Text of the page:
The creative sector has gained recognition as a generator of jobs and livelihoods, and for its promotion of cultural inheritance and social capital. Creative industries not only contribute significantly to GDP (in direct measurable ways) but also employ the most vulnerable in the community. However, there is often a divide within the industry, with women and marginalized groups concentrated in what is labeled as traditional, craft-based enterprises, and limited numbers found in the more lucrative and socially recognized parts of the industry, such as the contemporary arts.
The Kathmandu Triennale, Nepal’s platform for global contemporary arts, is helping disrupt this dichotomy between traditional and contemporary arts, by recognizing and promoting the skill, aesthetic value, and cultural significance of artistic practices of indigenous communities and marginalized groups. With support from the World Bank, the Kathmandu Triennale undertook research that highlights the cultural significance of vibrant artistic practices found in a number of indigenous and local communities in Nepal, thus showcasing the ever-evolving nature of cultural heritage and knowledge.
The Kathmandu Triennale, Nepal’s platform for global contemporary arts, is helping disrupt this dichotomy between traditional and contemporary arts, by recognizing and promoting the skill, aesthetic value, and cultural significance of artistic practices of indigenous communities and marginalized groups.
One such story is that of artist Nanda Lal Bhinyal. In the village of Duma, Mugu, in far-western Nepal, Nanda Lal Bhinyal continues the craftsmanship of making Dadye, an anthropomorphic sculpture usually carved out of Himalayan cedar and pine, considered a protective figure to ward off evil. An artistic practice that has long been integral to indigenous belief systems in the area, Dadyes are found atop homes, shrines, temples, and other places of worship, throughout the Karnali region.
Most carvers are from the local Dalit community, arguably the most marginalized communities in Nepal, and such carving is an important part of their role in the community. The lack of formal recognition of these artists and the labeling of the art itself as “traditional” has enabled a form of art “looting”, with many pieces being stolen or sold off much below their worth in the Kathmandu tourist trade and foreign art markets.
Similarly, woodblock printmaking in the Kathmandu valley is an old but under-recognized art form, associated with the Chitrakar community, part of the Newar indigenous community. Chet Kumari Chitrakar is one of the last women to continue the practice in her community. A tradition started in the 17th century, block printed posters and prints of gods and goddesses are still found in bazaars every festival season. However, the intricate, time-intensive nature of this work has been overtaken by readymade offset and digital prints. While new technologies have reduced the economic returns for such practices, artists like Chet kumari Chitrakar continue her family tradition as both a devotion to the art form and a commitment to preserve the craft.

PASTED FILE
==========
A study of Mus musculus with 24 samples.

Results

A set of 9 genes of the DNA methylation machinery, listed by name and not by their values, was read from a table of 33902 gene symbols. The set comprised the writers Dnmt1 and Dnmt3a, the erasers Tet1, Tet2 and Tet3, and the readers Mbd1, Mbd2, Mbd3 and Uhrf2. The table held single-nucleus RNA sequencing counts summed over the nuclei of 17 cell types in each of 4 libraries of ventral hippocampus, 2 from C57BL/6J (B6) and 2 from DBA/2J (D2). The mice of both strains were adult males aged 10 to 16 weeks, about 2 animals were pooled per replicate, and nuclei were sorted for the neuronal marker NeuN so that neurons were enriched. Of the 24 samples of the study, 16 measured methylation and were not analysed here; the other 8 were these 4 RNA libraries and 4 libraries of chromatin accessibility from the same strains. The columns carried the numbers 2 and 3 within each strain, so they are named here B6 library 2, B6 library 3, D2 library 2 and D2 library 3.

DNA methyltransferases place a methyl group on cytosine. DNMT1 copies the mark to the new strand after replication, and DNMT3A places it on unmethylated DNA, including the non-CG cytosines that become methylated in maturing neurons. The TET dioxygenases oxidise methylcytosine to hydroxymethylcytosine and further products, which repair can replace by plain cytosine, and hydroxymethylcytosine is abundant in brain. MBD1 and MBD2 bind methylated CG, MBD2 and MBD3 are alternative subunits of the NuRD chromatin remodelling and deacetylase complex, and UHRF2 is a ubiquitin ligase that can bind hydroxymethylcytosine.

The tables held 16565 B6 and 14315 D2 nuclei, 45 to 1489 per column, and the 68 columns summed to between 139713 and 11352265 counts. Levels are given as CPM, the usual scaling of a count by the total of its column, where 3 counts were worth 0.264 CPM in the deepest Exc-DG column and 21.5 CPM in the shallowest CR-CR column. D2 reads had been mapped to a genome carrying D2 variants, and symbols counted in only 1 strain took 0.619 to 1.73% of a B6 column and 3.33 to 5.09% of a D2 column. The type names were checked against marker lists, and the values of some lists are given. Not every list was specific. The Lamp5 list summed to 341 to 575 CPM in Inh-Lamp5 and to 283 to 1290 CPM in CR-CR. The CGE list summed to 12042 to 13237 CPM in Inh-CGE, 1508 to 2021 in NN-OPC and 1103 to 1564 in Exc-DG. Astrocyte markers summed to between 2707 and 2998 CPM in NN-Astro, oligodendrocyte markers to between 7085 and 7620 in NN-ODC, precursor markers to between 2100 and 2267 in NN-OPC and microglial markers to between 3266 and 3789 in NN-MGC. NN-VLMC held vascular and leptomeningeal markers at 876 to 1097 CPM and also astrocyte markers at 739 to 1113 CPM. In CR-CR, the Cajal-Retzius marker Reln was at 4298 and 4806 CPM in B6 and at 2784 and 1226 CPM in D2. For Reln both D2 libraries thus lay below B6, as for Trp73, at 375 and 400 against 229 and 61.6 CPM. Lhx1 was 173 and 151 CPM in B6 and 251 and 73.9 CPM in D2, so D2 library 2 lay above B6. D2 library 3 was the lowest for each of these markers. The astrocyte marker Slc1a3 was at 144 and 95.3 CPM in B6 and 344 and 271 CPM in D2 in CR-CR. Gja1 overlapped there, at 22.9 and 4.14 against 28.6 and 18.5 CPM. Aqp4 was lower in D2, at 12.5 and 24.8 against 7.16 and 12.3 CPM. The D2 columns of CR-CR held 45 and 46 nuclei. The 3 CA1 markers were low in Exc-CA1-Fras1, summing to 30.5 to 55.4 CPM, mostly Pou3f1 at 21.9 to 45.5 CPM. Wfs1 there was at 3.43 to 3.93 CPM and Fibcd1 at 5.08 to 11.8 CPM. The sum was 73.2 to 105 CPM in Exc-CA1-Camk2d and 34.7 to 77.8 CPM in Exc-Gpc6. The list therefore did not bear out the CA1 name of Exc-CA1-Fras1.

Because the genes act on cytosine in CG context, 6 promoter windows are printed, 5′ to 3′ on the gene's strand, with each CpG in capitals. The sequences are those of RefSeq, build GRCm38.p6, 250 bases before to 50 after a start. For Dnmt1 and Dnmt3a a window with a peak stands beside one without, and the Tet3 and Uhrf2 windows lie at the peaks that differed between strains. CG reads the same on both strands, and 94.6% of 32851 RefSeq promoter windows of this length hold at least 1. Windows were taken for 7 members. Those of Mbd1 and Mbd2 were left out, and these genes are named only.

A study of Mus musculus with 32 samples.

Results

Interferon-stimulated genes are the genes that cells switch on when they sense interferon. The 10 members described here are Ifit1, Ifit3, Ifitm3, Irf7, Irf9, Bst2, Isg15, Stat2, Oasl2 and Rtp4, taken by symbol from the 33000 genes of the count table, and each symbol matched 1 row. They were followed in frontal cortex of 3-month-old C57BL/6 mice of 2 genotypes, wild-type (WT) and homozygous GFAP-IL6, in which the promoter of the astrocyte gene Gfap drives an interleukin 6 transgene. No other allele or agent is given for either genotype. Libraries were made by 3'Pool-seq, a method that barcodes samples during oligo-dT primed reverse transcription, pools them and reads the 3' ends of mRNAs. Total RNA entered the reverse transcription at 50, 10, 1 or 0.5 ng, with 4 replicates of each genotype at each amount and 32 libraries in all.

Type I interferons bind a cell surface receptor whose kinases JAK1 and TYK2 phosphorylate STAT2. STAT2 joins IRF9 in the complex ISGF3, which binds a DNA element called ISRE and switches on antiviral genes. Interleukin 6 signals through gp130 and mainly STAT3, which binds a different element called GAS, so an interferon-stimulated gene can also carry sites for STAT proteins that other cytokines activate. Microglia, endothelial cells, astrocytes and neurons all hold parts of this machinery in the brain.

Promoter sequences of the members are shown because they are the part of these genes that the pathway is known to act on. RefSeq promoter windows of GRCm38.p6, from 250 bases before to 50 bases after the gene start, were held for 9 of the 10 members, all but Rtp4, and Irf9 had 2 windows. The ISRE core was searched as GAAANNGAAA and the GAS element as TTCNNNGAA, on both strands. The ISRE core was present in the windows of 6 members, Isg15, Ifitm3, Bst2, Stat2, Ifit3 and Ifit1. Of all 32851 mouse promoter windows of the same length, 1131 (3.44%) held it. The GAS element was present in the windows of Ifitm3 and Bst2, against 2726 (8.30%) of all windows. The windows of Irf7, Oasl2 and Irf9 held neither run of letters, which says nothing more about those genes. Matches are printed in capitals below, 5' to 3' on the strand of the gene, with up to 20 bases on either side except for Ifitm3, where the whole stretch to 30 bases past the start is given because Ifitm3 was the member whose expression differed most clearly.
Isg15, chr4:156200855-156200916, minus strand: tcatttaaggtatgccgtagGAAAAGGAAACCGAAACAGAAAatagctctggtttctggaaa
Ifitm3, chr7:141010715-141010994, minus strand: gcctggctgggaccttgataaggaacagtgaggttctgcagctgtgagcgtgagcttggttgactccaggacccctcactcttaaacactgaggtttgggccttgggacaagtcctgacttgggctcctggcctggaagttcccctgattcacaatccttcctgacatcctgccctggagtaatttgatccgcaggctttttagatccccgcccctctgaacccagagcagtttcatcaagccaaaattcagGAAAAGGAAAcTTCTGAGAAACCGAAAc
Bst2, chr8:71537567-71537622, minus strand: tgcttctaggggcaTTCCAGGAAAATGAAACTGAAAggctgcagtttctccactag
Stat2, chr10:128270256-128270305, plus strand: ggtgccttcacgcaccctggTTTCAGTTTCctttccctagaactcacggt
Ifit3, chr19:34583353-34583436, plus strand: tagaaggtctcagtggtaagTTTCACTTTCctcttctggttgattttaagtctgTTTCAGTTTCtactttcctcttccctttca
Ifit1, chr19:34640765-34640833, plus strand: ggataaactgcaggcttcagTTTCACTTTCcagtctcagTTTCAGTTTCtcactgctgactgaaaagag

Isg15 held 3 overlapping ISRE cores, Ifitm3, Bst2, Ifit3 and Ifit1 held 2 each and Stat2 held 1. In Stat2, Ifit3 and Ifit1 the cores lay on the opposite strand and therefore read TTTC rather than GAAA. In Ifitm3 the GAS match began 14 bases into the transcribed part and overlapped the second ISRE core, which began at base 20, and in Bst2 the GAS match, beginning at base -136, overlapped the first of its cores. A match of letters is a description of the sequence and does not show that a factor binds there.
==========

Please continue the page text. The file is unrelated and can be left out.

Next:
Chija Lama from Nuwakot is also known for his woodblock prints which are folded and woven into amulets, a spiritually significant art form usually made as part of a ritualized healing process. Chija is at once an artist, healer, and spiritual leader; his amulets are prized as both beautiful and sacred in the Tamang community in Nuwakot.
By situating the works of artists such Nanda Lal Bhinyal, Chet Kumari Chitrakar and Chija Lama within the contemporary art scene, the Kathmandu Triennale is breaking the dichotomy between “modern” and “traditional” to bring forward historically sidelined art expressions and promote the diverse cultural heritage of Nepal.
The World Bank recognizes the role cultural heritage plays in supporting resilience, social cohesion, and livelihoods of Indigenous peoples and local communities (IPLC). In Nepal, the World Bank is working to expand its engagement with IPLCs across its portfolio. Part of this engagement is focused on enhancing the knowledge base about IPLCs: their livelihoods, knowledge, and cultural systems and practices which are often passed down orally. Art practices like the Dadye of Karnali and the woodblock printing in Kathmandu and Nuwakot are among the many distinct art expressions that are an important part of Nepal’s intangible cultural heritage. They are equally important to the everyday wellbeing and livelihoods of the artists and communities that maintain these practices.
The World Bank recognizes the role cultural heritage plays in supporting resilience, social cohesion, and livelihoods of Indigenous peoples and local communities and the Bank is working to expand its engagement with them across its portfolio in Nepal.
Information about the different artist practices showcased by the Kathmandu Triennale can be found on the Triennale Website as Indigenous and local art expressions.
This feature story is based on Research by: Chand, Priyankar Bahadur, Gurung, Hit Man, and Rajbhandhari, Sheelasha, eds. Documenting Art Practices & Their Contribution to Society & Livelihoods. Siddhartha Arts Foundation, Kathmandu, 2021.